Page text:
Roll Call: Latest News on Capitol Hill, Congress, Politics and Elections
November 1, 2014

Zest Vets Go Modern Mexican at Aqua 301

David E. Bonior cast his last vote in the House of Representatives more than a decade ago.

DB121713 Zest Vets Go Modern Mexican at Aqua 301

(Warren Rojas/CQ Roll Call)

But the Michigan Democrat remains a player in Washington thanks to a family-run catalog of neighborhood restaurants that’s poised to widen with the debut of Aqua 301.

The new Mexican-themed restaurant (301 Water St. SE), which is taking up residence in the bustling Yards Park complex, will open to the public for dinner on Dec. 21.

Much like its predecessor, Zest American Bistro (735 Eighth St. SE), Aqua is the brainchild of Bonior (primarily an investor), and his stepson and his stepson’s wife, Stephen and Amanda Briggs, who serve as co-owners and managers of the burgeoning dining portfolio.

The trio tapped Antonio Burrell, a seasoned toque who’s spent years filling local bellies with daring south of the border specialties during stints at El Centro D.F. and Masa 14, to craft a cost-conscious but creatively inspired menu.

Fired Up

After doing a bit of soul searching, Burrell said he decided it was high time to flaunt the flavor combinations that continue to gnaw away at him.

“It was a chance to … explore some of the dishes that I didn’t get a chance to do before and reprise some of the better dishes that I liked,” he said of a carte composed of modified greatest hits and experimental constructs.

ABpbap 445x296 Zest Vets Go Modern Mexican at Aqua 301

(Courtesy Fredde Lieberman)

Yes, he’s paying tribute to the pork belly al pastor (both in tacos and as a standalone entrée) he previously shared at Masa 14. Yes, he’ll be dishing out the multi-pepper powered chichilo mole short ribs (expect less cinnamon and less clove in this 2.0 version) he fell in love with at El Centro.

But he’s most excited about items such as an updated street salad tossing together fruits (watermelon, green mango), vegetables (chayote, jicama) and spicy stuff (red onion, hot peppers) in an agave-lime dressing, and a mushroom-covered fried masa dish he always felt others went a little overboard on.

“Our huarache here is going to be like a thin crust pizza,” he said of the split from the status quo. “Now that I have anyone telling me that I can’t, I’m going to.”

Burrell is also smitten with grilled oysters he’ll be doctoring with chorizo, chile butter and Parmesan breadcrumbs. And he’s looking forward to perhaps sneakily broadening patrons’ palates by exposing them to a host of carefully cultivated ingredients.

“Most people don’t know what epazote is,” he said, citing the leafy green he uses to tweak a red snapper dish. “So it’s a very different flavor than most people have had.”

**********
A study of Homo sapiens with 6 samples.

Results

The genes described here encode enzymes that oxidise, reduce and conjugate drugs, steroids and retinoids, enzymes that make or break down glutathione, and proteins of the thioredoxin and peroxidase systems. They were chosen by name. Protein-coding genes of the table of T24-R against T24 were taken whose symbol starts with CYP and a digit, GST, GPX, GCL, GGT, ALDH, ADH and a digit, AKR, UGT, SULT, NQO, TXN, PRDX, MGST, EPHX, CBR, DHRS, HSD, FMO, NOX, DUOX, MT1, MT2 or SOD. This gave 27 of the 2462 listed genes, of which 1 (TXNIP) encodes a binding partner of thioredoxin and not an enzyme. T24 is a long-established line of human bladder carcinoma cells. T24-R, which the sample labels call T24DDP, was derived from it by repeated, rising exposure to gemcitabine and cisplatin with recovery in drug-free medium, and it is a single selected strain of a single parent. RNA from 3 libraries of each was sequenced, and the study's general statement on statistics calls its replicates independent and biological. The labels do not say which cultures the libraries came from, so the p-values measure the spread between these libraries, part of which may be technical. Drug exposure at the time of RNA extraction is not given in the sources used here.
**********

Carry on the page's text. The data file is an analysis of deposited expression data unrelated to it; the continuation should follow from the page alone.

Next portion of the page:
And Burrell’s got big plans for the future, including adding lunch into the mix (on Dec. 28) and rolling out brunch (think: pumpkin pancakes, chilaquiles and migas) on Jan. 1.

Another possibility: a twist on queso fundido, wherein the crumbled chorizo and sautéed peppers are blasted with molten cheese foam.

“We’ll keep it in a canister, hot, and then we shoot and it so it makes a big espuma. And then we’ll flame mescal on it and serve it like that,” Burrell said of his dream appetizer.

He’s also got a few other showstoppers up his sleeve.

“I want to put the pig head tacos on there. But I can’t — yet,” he said.

Sticking Close to Home

Bonior, who said he moved into Capitol Hill Tower in 2006, marveled at how much the area has blossomed in recent years.

“It just pops at night. It’s quite specular, actually, down here with the water and the lights and the landscaping and the park,” he said of the waterfront location he and his partners secured for their second hospitality project. “So we’re very hopeful.”

Although he noted that had attended cooking school while stationed at Fort Lee in Virginia (“I know how a kitchen works,” he quipped) during his Air Force days, Bonior is quite comfortable leaving the day-to-day operations of the business to Team Briggs. An Aqua 301 spokeswoman confirmed that, prior to becoming restaurateurs themselves, Stephen was a general manager at M&S Grill, while Amanda climbed the ladder at Café Deluxe and Tortilla Coast.

All of which leaves Bonior, who handles investments for EnTrust Capital as part of his day job, in charge of relationship building.

“I try to bring people in,” he said of his role within their close-knit dining network.

To wit, Bonior said he bumped into Rep. Rose DeLauro, D-Conn., on Dec. 17 and invited her over to Aqua. Per Bonior, his former colleague promised to pop by with her husband in the near future.

Back when his first restaurant popped onto the scene, Bonior walked the halls of Congress to get the word out. “I want door-to-door in every office on the House side,” he said of his one-man lobbying effort.

Bonior doesn’t expect to make the rounds this time around.

“I had my time. It was a wonderful gift and opportunity,” he said of the quarter-century he spent in Congress. In fact, he said the last time he visited was to pay his respects to former Speaker Thomas S. Foley.

Meanwhile, don’t expect to see Bonior lending his name to just any food outlet coming down the pike.

“I’m a firm believer in one at a time. If there’s an opportunity down the line and it’s all in the stars, you might look at it and go for it,” he suggested. “We want to do what we do and do it well.”

Aqua 301: 301 Water St. SE; 202-484-0301; aqua301.com
Average entrée: $13 to $20 ($$). Open for dinner daily.